Big pharma companies getting less acquisitive but more creative in dealmaking
By Jennifer Boggs
NEW YORK – With capital markets bustling for biopharma, the fact that the number of M&A deals stayed flat in 2013 compared to 2012 isn’t surprising; what is surprising, perhaps, is that big pharma, which had been expected to wow with multiple mega M&A deals, instead, kept a low profile.
Figures presented Tuesday morning by Effie Toshav, partner at Fenwick & West LLP, as she opened up a panel at the BIO CEO & Investor Conference on licensing and M&A deal trends, showed that big pharma was responsible for fewer than 20 percent of the overall acquisitions in 2013. Despite having more than $100 billion in cash for acquisitions, big pharma “last year mostly sat on the sidelines,” she said.
Those numbers track with data presented earlier this year by Thomson Reuters Recap, which indicated that big pharma was more apt to engage in partnering and collaboration deals – Recap reported a total of 690 product and technology deals totaling $21.9 billion – with 31 percent of biopharma deals in 2013 being licensing and joint venture arrangements, while only 13 percent of deals were M&A. (See BioWorld Today, Jan. 22, 2014.)
But those numbers don’t reflect negative trends. For one, a number of large and mid-sized biopharmas stepped up to the M&A table in 2013.
Even better, creative and more flexible deal structures emerged to signal a shift in the balance of power. For the past several years, macroeconomic issues have turned the industry into a clear buyer’s market, but 2013 showed a “surge of strength for the seller’s market,” Toshav noted.
One example was the use of contingent value rights (CVRs). The CVR component has given rise in the past several years, often to “make a not-good deal look OK,” Toshav said. CVRs continued in 2013 deals, but were intended more to reward the seller in the case of a “homerun.”
And the use of CVRs likely will continue in 2014, predicted Michelle Dipp, CEO and co-founder of Ovascience Inc., though they will be “more of a win-win relationship.” She also predicted more “equal-sized companies,” each bringing assets or expertise to the table, to ink joint venture (JV) and similar types of deals, “where that balance of power is not on one side or the other.”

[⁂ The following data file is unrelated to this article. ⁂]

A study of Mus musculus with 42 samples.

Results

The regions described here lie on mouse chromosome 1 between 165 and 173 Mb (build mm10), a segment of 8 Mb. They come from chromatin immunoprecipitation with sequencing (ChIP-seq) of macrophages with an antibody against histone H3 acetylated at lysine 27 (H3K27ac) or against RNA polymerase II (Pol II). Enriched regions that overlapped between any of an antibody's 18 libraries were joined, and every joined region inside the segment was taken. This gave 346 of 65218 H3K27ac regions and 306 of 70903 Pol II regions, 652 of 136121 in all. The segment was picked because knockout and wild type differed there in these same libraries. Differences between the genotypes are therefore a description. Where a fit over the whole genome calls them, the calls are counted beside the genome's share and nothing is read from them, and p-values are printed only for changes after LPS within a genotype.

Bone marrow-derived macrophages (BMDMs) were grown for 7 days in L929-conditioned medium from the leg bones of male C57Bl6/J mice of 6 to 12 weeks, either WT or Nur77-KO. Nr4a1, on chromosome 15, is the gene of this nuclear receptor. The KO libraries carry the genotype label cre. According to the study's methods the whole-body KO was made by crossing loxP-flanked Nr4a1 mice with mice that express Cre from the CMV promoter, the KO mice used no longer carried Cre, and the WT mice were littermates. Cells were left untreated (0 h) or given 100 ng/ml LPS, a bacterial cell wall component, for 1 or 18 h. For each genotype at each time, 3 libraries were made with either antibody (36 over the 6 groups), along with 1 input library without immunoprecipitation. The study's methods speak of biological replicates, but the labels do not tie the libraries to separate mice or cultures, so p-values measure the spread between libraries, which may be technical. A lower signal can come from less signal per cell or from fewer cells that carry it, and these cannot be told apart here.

Dipp mentioned Ovascience’s recent JV with Intrexon Corp., called Ovaxon, which will combine Intrexon’s portfolio of technologies with Ovascience’s Ovature platform, a next-generation approach to in vitro fertilization, for human and animal health applications.
For Cambridge, Mass.-based Ovascience, the deal made sense because it allowed Ovature to expand applications beyond its use in humans, the focus of Ovascience, Dipp said. “We did cogitate over, ‘Should we license?’” she said, adding that, in the end, a JV arrangement worked best.
Panelists also discussed the evolution of option deals. Very popular only a few years ago, as small biotechs were desperate for partnerships and funding, the straight-up option deal – the big pharma paid a nominal fee to gain rights to an option that it could exercise at its discretion once an agreed-upon milestone had been reached – was often fraught with problems from the start.
“All of the risk was put on the biotech,” explained David H. Donabedian, who joined Abbvie last year as head of venture investments and early stage collaborations and previously worked in global deal strategy and development at Glaxosmithkline plc. As a result, he added, the small biotech companies became so milestone-focused “they lost sight of what they were working on.”
Or the small firms found themselves strapped for cash and had to seek out the big pharma firm to renegotiate the option deal.
The lesson learned from those mistakes is that option deals can work, but they have to remain flexible to take into account the delays and stumbles inherent in drug development, and both parties have to enter the agreement with reasonable expectations.
When asked for their predictions for 2014, the panelists generally agreed that the rate of M&A activity likely will remain similar to 2013.
Dipp said she expects to see “more Alnylam-type deals,” referring to the potential $700 million deal Cambridge, Mass.-based Alnylam Pharmaceuticals Inc. inked earlier this year with Sanofi SA unit Genzyme. (See BioWorld Today, Jan. 14, 2014.)
Donabedian said he predicts more early stage deals, but they will involve more than just an arms-length investment. “There will be more activity early on.”